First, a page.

Jazz Museums: Taking In All That Cool Jazz

Few things say “Made in the U.S.A.” like jazz music.

Musicians like Billie Holiday, Louis Armstrong, Duke Ellington and Miles Davis laid the roots of a sound native to the United States. A number of destination museums dedicated to their legacy pepper the American landscape--there’s probably one a short drive from you.

From New Orleans, to Harlem and Cleveland and beyond, there’s plenty of places to learn about American music.

Consider hopping on a highway and visiting some of these national hotspots for jazz.

American Jazz Museum, 1616 E 18 St., Kansas City, MO: Found in Kansas City’s historic 18th and Vine District, the museum occupies a building that’s also home to the Negro Leagues Baseball Museum.

New Orleans Jazz Museum, 401 Barracks St., New Orleans, LA: Affiliated with the Louisiana State Museum, the New Orleans Jazz Museum is located in the Old U.S. Mint building in the French Quarter.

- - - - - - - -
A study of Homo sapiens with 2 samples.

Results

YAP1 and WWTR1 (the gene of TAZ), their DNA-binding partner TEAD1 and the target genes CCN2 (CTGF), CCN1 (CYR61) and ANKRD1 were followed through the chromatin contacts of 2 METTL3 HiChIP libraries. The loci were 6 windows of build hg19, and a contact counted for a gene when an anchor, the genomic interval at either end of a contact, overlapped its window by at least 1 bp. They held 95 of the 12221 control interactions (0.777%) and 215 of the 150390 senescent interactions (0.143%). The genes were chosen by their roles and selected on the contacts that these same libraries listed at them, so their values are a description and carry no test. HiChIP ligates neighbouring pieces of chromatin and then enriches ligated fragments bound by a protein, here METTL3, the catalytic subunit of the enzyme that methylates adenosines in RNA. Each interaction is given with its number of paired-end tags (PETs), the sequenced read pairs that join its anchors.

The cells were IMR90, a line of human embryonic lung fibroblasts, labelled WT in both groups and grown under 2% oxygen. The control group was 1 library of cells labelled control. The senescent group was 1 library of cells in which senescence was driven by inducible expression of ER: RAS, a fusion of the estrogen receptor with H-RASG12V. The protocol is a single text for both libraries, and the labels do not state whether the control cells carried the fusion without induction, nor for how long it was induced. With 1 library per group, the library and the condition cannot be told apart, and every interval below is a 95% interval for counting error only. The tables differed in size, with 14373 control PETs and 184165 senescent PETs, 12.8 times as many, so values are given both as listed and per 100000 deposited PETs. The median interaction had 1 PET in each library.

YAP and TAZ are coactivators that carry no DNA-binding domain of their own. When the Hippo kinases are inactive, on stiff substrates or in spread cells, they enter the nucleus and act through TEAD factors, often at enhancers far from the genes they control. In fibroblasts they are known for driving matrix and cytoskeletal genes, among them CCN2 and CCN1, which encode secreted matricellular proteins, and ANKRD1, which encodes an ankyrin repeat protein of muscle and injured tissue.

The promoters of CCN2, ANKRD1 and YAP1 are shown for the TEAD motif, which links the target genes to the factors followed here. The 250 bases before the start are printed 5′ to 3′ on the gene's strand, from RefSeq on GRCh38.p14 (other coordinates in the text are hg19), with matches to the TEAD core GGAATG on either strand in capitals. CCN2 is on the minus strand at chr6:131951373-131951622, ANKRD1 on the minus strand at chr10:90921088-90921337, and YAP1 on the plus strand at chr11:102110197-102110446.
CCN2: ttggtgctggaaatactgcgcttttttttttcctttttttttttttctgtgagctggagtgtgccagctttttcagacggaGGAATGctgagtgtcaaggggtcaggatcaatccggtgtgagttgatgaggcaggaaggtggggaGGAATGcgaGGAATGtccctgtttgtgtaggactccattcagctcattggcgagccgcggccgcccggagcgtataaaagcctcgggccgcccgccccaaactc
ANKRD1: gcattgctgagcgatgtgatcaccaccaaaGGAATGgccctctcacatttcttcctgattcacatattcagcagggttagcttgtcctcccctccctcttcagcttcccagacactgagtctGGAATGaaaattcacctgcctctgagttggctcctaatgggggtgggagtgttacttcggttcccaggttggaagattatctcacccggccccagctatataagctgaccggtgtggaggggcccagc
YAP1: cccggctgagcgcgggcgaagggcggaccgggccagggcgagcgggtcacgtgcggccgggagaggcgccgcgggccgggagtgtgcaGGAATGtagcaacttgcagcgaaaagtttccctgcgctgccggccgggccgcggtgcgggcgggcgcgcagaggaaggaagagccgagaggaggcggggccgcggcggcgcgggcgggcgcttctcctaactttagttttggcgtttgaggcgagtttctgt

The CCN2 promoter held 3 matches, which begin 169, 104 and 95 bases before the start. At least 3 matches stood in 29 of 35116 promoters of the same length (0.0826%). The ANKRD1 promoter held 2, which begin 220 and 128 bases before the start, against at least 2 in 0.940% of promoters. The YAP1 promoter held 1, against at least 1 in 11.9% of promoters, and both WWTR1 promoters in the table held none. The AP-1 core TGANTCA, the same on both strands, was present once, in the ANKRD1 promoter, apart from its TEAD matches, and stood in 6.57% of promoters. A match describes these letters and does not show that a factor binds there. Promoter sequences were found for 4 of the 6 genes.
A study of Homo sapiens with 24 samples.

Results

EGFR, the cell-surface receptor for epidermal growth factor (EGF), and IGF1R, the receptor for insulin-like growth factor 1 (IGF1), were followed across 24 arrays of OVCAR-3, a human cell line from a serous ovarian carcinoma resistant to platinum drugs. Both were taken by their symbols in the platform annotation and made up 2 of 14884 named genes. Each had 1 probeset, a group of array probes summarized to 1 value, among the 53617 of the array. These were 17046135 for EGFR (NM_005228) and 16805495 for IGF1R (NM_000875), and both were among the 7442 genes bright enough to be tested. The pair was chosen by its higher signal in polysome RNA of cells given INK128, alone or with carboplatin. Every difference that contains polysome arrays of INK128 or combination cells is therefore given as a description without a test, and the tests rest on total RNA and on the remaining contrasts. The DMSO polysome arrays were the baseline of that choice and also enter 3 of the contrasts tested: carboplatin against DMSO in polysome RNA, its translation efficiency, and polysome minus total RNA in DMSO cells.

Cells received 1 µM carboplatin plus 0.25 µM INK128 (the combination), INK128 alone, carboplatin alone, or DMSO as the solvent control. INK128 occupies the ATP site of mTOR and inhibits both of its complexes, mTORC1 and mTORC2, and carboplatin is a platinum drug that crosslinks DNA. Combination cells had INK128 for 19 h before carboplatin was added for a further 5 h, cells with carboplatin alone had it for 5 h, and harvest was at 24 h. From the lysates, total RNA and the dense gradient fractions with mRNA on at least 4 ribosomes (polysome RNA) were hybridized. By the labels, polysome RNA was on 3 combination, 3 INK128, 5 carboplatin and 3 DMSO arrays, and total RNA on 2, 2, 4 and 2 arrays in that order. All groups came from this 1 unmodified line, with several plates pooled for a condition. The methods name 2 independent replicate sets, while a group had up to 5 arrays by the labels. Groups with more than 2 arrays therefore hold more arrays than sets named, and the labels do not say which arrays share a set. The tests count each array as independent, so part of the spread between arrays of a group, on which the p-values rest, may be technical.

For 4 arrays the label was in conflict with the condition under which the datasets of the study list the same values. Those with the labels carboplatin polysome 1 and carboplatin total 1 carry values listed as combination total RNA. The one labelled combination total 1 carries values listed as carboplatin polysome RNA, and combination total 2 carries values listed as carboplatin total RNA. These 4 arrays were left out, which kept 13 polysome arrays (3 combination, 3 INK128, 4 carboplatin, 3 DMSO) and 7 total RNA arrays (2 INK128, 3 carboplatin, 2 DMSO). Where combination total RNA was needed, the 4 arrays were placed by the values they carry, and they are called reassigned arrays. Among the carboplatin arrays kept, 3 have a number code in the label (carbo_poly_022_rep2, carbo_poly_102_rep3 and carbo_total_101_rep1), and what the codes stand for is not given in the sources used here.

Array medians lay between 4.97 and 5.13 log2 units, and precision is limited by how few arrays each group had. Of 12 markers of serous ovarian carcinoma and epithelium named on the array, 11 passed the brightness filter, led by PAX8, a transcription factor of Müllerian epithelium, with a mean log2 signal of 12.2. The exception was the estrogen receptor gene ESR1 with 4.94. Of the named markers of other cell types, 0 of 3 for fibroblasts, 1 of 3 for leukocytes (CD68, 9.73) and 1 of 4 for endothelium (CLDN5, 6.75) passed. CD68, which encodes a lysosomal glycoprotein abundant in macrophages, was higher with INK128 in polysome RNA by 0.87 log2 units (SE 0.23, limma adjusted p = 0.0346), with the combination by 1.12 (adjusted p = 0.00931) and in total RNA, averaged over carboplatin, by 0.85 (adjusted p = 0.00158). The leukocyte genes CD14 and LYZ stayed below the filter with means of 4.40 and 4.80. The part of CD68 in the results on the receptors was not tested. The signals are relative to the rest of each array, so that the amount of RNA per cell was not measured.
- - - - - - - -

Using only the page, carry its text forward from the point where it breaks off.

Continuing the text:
Colored Musicians Club Jazz Museum, 145 Broadway, Buffalo, NY: Founded in 1971, the club was a gathering place for famous Jazz musicians like, Miles Davis, Dizzy Gillespie, Billie Holiday, Lena Horne and Ella Fitzgerald.

National Jazz Museum, 58 W 129th St., New York, NY: Offering 1,900 square feet of exhibition space, the National Jazz Museum in Harlem features the Savory Collection, nearly a thousand discs of radio broadcasts recorded by famous audio engineer William Savory during the swing era of the 1930s.

Rock and Roll Hall of Fame, 1100 E 9th St, Cleveland, OH: Found on the shores of Lake Erie in downtown Cleveland, the Rock and Roll Hall of Fame has hosted more than 10 million visitors. Exhibits dedicated to famous jazz musicians are found at the front of the museum, highlighting their influence on American music, including rock and roll.